Feb. 24 (UPI) — People given a COVID-19 vaccine are not at higher-than-normal risk for developing sudden hearing loss, a study published Thursday by JAMA Otolaryngology-Head & Neck Surgery found.
Of the more than 185 million vaccine doses administered nationally as of July 16, 2021, 555 recipients developed sudden sensorineural hearing loss, the data showed.
This corresponds to an estimated 28 cases of sudden sensorineural hearing loss per 100,000 people per year, which is about the same as the pre-pandemic, pre-vaccine rate in the United States, research suggests.
“We did not find an association between sudden hearing loss and COVID-19 vaccination,” study co-author Dr. Eric Formeister told UPI by email.
Still, the study does not “definitively answer whether or not there is a true association between vaccination and hearing loss,” said Formeister, an otology and neurotology fellow at Johns Hopkins Medicine in Baltimore.
This would require a larger study comparing rates of sudden hearing loss among vaccinated and unvaccinated people, he said.
Sudden sensorineural, or “inner ear,” hearing loss is an unexplained, rapid loss of hearing that occurs either all at once or over a few days, usually in one ear, according to the National Institute on Deafness and Other Communication Disorders.
It occurs because there is something wrong with the sensory organs of the inner ear, the institute says.
All three currently available COVID-19 vaccines, from Johnson & Johnson, Moderna and Pfizer-BioNTech, have been linked with other ear-related side effects, including tinnitus, dizziness and vertigo, the Centers for Disease Control and Prevention reports.
However, the agency has described these side effects as “extremely rare.”
In the first analysis, conducted in the United States, the researchers analyzed reports of sudden sensorineural hearing loss submitted to the CDC’s Vaccine Adverse Events Reporting System between Dec. 14, 2020, and July 16 last year.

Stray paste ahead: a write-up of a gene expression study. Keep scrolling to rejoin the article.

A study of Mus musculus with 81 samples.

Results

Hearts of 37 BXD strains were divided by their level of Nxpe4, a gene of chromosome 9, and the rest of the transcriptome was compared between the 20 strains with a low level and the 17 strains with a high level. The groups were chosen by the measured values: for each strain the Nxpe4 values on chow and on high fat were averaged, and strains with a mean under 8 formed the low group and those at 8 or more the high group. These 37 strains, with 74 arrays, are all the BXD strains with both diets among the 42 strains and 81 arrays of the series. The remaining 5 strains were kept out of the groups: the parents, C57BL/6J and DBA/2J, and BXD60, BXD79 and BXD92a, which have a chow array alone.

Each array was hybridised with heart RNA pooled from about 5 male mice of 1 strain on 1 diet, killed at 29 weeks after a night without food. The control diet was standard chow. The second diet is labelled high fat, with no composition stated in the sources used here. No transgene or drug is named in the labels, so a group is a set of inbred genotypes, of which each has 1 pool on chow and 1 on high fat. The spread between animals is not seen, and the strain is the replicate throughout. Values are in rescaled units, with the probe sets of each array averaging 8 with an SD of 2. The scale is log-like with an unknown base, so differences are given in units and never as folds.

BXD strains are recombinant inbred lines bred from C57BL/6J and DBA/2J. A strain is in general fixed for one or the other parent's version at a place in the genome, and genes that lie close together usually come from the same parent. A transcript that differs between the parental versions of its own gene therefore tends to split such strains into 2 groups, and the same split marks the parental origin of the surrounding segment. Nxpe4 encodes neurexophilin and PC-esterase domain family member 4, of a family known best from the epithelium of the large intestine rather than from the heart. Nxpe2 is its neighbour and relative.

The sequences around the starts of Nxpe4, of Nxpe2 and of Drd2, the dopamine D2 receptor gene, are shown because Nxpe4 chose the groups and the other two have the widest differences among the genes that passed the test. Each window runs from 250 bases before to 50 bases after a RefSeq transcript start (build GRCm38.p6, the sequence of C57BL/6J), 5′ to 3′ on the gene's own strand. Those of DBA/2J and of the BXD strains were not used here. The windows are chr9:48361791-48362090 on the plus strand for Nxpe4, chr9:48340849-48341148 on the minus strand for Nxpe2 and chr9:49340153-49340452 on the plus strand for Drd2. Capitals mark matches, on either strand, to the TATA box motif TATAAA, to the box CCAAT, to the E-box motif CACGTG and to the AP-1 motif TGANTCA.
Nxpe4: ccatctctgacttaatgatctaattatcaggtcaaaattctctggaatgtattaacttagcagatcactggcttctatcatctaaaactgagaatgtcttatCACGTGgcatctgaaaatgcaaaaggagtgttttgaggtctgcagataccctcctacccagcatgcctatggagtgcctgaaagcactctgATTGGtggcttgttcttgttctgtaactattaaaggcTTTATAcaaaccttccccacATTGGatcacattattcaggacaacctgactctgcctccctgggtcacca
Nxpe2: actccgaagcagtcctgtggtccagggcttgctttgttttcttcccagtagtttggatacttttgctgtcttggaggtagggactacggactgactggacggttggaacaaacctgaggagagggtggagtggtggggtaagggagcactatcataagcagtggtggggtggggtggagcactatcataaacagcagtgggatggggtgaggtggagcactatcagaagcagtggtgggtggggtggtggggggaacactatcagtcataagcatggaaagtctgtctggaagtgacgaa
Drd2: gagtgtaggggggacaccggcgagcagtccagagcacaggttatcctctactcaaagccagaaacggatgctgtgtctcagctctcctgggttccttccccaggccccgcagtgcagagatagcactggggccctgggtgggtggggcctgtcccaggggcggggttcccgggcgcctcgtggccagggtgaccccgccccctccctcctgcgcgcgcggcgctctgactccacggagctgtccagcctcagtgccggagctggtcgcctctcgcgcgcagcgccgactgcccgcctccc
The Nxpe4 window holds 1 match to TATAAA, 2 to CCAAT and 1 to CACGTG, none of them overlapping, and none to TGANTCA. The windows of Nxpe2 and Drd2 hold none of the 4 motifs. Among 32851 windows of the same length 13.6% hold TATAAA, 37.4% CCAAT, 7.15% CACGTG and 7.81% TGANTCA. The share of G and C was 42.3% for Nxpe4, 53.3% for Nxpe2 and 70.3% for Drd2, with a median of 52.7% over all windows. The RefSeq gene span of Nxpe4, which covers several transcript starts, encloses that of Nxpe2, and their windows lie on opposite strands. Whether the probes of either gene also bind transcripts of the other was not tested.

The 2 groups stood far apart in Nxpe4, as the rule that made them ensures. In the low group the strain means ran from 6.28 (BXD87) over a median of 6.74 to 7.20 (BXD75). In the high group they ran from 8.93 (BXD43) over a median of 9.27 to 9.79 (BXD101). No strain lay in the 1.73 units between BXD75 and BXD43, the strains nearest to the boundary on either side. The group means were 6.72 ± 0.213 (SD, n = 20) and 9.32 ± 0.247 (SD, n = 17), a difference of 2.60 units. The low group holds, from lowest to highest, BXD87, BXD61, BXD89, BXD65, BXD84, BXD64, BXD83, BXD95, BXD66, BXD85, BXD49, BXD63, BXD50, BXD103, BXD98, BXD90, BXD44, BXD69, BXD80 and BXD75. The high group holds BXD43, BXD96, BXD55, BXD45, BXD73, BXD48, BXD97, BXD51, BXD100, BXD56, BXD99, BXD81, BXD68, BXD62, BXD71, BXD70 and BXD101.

Of the 555 confirmed cases of this form of hearing loss following vaccination, 305 occurred in women, the data showed.
Most occurred within roughly six days after receiving the vaccine, the researchers said.
Affected vaccine recipients recovered with treatment, which typically involves the corticosteroids, according to the National Institute on Deafness and Other Communication Disorders.
The side effect was slightly more common with the Johnson & Johnson vaccine than with the Moderna and Pfizer-BioNTech shots, they said.
A separate study in Israel, also published Thursday by JAMA Otolaryngology-Head & Neck Surgery, found that there were 170 cases of sudden sensorineural hearing loss among the recipients of more than 2.6 million doses of the Pfizer-BioNTech vaccine.
This represents a “small” increase in the risk for this type of hearing loss after receiving the Pfizer-BioNTech shot compared with what would exist normally, researchers on this study said.
In the Israeli study, women were found to be at slightly higher risk for sudden sensorineural hearing loss after getting the Pfizer-BioNTech vaccine, the researchers said.
The side effect was more common following the first dose than the second, they said.
Collectively, the findings of both studies do not indicate a need to avoid vaccination due to the risk for sudden hearing loss, the researchers said.
“There is a possible connection between the COVID vaccination and sudden hearing loss,” the co-author of the Israeli study, Dr. Yoav Yanir, told UPI in an email.
“Having said that, this risk is small, and the advantages of vaccination outweigh the potential elevation in the risk for hearing loss,” said Yanir, an otolaryngology-head and neck surgeon at Carmel Medical Center in Haifa.